In which what, exactly? In truth, I'm not sure. I've been silent about everything for so long. But it's May - 18 months since my last blog post - and things are on the turn. It's time I make myself heard again, give an update on how things are going.
The writing life is a tough one at any point in your career, but as a writer who has not yet achieved that elusive début novel it seems like a never-ending struggle to be heard. So much has been achieved these last twelve months, and yet hardly anything at all. But I choose to carry on despite the stress of it, the horrible suspicion that actually I cannot write at all and I'm wasting precious time. But it is time I must take, because to achieve what I want is going to take time and unfortunately, nothing has ever come to me easily; it's just taken me a while to accept that the novel, as with everything else, will happen when it's good and ready.
In 2016 the novel went out to agents twice. That is to say, it went out on two rounds of submissions. Between March-August I received two calls for the full MS, and I even met one agent. In the end it wasn't a right fit, but knowing in round one I managed to get any agent interest at all gave me a boost of confidence. However, in round two between August-December I had no takers, though the rejections I received were positive abstracts rather than a one line, straight up 'NO'. Despite this, by winter my confidence had flagged and I realised the painful truth - the novel was not going to sell as it was. I needed to make a drastic change - one that wasn't historically factual - and create something that veered off slightly from my original concept. This both excited and terrified me in equal measure. The amount of work needed was daunting and I ended up getting frustrated and despondent (do I dare say the other D word?) - not just with the novel but with everything else that had crept up on me in the meantime. My current role in Higher Education was announced as being made redundant in August last year, the subsequent job hunt wasn't going well, my flat was burgled, and it really did seem like all the dominoes had fallen spectacularly flat with a mighty crescendo. It stopped my productivity - the academic papers I'd begun to draft for three Romanticism conferences that year fell on the wayside - and I removed myself from social media for a while just so I didn't have to see (what felt like) everyone else's successes as opposed to my failures. Yes, I really was feeling that melodramatic.
But that's the creative mind for you. It becomes overwhelmed and we seem to feel things far more keenly than others. Throughout 2016 I became almost morbidly desperate for the novel to succeed; I wasn't happy in the job role that later became redundant, I felt resentful of my lack of progress in all aspects of my life (melodrama again) and what made it worse was I knew I'd tried my hardest to change things but was getting nowhere anyway.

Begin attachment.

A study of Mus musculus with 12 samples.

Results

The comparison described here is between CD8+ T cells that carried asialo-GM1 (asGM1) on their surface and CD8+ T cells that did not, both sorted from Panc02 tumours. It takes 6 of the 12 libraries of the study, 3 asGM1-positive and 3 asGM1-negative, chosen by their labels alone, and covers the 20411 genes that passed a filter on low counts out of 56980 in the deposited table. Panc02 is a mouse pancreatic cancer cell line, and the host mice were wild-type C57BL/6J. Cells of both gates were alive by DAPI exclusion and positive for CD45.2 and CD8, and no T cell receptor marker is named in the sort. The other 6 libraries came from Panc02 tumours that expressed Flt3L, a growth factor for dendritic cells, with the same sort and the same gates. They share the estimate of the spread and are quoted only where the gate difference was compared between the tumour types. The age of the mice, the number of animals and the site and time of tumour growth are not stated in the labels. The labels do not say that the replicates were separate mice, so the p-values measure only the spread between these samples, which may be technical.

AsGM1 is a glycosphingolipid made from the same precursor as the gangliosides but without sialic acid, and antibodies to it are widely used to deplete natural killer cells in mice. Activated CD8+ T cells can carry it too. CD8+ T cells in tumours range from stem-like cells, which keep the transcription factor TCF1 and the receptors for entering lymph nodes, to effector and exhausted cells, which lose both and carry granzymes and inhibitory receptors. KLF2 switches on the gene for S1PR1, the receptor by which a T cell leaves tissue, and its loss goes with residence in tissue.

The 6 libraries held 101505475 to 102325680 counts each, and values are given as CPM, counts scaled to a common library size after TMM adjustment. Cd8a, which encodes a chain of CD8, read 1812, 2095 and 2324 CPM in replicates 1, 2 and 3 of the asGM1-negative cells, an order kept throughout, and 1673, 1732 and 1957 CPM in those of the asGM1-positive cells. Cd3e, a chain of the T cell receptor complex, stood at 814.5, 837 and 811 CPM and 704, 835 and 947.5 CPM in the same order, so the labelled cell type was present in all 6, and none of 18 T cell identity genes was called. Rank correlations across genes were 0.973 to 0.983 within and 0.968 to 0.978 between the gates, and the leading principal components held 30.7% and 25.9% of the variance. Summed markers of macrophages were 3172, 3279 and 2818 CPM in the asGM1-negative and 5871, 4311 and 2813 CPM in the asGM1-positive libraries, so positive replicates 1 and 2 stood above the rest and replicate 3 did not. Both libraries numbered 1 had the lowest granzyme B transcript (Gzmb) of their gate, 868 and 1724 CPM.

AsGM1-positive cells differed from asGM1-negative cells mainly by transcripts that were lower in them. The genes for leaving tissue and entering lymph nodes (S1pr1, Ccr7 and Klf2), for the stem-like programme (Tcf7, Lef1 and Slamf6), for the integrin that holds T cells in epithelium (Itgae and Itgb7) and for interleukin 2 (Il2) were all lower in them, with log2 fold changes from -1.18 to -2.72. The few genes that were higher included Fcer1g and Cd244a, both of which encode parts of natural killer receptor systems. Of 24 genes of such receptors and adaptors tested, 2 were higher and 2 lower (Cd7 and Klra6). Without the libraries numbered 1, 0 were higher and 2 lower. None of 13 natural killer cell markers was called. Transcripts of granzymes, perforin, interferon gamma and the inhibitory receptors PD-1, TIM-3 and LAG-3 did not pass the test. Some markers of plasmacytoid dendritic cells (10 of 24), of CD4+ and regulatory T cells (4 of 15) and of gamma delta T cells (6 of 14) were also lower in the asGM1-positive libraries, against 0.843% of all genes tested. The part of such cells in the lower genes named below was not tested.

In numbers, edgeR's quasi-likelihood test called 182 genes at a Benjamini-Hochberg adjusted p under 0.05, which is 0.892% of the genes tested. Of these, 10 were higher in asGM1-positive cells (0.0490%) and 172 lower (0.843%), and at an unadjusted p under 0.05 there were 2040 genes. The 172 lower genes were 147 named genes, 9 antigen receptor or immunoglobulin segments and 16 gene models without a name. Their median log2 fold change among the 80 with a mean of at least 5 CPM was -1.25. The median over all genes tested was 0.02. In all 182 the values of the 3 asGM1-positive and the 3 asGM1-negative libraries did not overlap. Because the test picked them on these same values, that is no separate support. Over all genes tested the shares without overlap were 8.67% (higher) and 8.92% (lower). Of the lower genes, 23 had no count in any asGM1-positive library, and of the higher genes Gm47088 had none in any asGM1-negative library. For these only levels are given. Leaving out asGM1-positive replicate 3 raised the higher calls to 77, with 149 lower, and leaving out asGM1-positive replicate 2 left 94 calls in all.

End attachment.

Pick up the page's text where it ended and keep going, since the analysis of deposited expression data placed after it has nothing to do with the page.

I genuinely felt like I was trapped in a glass box. I could see my ambitions surrounding me, all within my grasp, but I was completely unable to touch any of them. So, the 'desperateness' I felt essentially came from a feeling of acute dissatisfaction. I thought getting an agent and a publishing deal would 'rescue' me from the situation I'd found myself in and that once I'd knocked down that first goalpost the rest would come. Of course, my logical brain knew it didn't work that way. I'd have been faced with different problems after that and on different, most possibly, even greater levels, but my emotional brain wanted to have been able to at least tick that one box. Then, perhaps, I'd have felt like I'd achieved something and I was finally on the right track. Thankfully in spring '17 I managed to turn it around. I have since become involved with Writing West Midlands as an assistant writer, finally (after four years) got myself a car, and found myself another job in HE that will give me lecturing practice and time in which to write.
The current update, in short? I'm still not any nearer to getting published than I was twelve months ago. As per usual, I have a long way to go. I haven't touched the novel since February and won't likely touch it again now until the summer. I know what needs to be done, but the desperateness I felt before has waned now I feel a little less trapped. The agent, the publishing deal ... it'll come when it comes. I'm not going to even put a time limit on myself now. I must simply learn patience, put less pressure on myself, have a little bit of faith, and trust that everything will work itself out in the wash.